The Swareks and the Derrs disputed the ownership of a large farm in Issaquena County, Mississippi (at 1400 residents, the least populous county in that state, but also the home of its largest captured alligator). Their litigation unfolded as follows:
- In 2005, Swareks sued Derrs in Issaquena County;
- In March 2009, the Derrs sued Swareks in the — somewhat unlikely — venue of the German Regional Court in Düsseldorf, Germany (population 600,000, and capital of the state of North Rhine-Westphalia);
- In November 2009, the Swareks voluntarily dismissed their claims in Mississippi;
- In 2010, the Derrs lost in Germany when that court recognized the dismissal of the Mississippi claims; but then,
- The Derrs ultimately won on appeal in Germany before the Higher Regional Court of Düsseldorf, obtaining judgment for $300,000 in costs.
The Derrs sought to domesticate the judgment in Mississippi, and the district court rejected their request, citing res judicata and characterizing the German action as an end run around the Mississippi state court. On appeal, the Fifth Circuit affirmed with these three observations:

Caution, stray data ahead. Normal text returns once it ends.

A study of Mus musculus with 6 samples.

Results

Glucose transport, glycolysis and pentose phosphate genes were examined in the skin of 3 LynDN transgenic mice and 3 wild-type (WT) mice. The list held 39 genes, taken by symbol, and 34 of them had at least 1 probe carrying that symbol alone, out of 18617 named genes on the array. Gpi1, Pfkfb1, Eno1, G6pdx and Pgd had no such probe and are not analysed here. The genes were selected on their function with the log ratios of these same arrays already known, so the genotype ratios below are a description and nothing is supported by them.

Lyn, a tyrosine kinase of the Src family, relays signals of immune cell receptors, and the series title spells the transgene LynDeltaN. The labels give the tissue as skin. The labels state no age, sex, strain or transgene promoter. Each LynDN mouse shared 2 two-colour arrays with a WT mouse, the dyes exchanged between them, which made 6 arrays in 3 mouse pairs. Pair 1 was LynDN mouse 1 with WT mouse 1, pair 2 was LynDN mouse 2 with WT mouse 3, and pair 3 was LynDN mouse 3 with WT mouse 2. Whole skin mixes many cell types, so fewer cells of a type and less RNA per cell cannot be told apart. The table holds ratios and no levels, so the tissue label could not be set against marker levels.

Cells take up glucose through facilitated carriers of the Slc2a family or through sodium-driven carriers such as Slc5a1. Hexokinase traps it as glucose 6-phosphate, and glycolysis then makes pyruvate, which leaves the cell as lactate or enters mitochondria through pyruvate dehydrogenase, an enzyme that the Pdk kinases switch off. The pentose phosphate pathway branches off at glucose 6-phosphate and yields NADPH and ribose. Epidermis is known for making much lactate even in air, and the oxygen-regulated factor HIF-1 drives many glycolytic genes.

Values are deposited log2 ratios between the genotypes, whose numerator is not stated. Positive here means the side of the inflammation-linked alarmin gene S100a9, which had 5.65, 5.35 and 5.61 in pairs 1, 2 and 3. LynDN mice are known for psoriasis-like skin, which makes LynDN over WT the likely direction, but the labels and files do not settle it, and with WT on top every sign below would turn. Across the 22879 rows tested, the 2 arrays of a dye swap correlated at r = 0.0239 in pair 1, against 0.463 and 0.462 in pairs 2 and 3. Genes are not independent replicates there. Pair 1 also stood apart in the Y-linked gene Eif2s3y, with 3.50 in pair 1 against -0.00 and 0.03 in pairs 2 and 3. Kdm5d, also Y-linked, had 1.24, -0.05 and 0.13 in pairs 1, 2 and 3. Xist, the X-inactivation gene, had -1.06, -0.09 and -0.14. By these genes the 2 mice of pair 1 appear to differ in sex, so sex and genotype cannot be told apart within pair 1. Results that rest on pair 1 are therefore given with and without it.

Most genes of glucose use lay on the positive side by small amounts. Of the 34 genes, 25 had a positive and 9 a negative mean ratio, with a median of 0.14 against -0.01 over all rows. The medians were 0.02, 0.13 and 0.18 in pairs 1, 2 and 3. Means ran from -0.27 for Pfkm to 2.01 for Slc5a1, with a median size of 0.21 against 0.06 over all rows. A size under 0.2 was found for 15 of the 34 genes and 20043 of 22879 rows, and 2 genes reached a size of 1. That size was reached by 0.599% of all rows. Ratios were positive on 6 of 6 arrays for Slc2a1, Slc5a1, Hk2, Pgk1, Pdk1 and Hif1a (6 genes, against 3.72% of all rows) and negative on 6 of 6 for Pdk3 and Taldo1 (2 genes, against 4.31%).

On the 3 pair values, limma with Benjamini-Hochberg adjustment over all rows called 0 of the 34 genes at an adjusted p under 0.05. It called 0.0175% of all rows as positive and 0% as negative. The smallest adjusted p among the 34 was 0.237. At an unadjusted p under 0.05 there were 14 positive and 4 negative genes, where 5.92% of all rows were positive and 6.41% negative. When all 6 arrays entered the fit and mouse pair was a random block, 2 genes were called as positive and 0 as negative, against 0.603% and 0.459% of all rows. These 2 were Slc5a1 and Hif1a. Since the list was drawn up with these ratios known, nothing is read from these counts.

- “Filing a mirror-image lawsuit in a foreign court while domestic litigation is pending is not sufficient, on its own, to preclude recognition of a foreign judgment, and the district court erred in denying comity on this ground.”
- While dismissal for want of jurisdiction may not have preclusive effect, a voluntary dismissal does: “If the plaintiff chooses to extinguish his rights forever he is entitled to do so, and the defendant will reap the benefit of a res judicata bar to any attempt by the plaintiff
- As to the German appellate holding: “The German Higher Regional Court’s decision to sidestep the comity determination and re-adjudicate claims that had already been settled in the Chancery Court violated the Mississippi public policy of res judicata and the Swareks’ right to permanently terminate their claims. Comity must be a two-way street.”
A dissent characterized the interplay between the Mississippi and German holdings differently, and thus would affirm.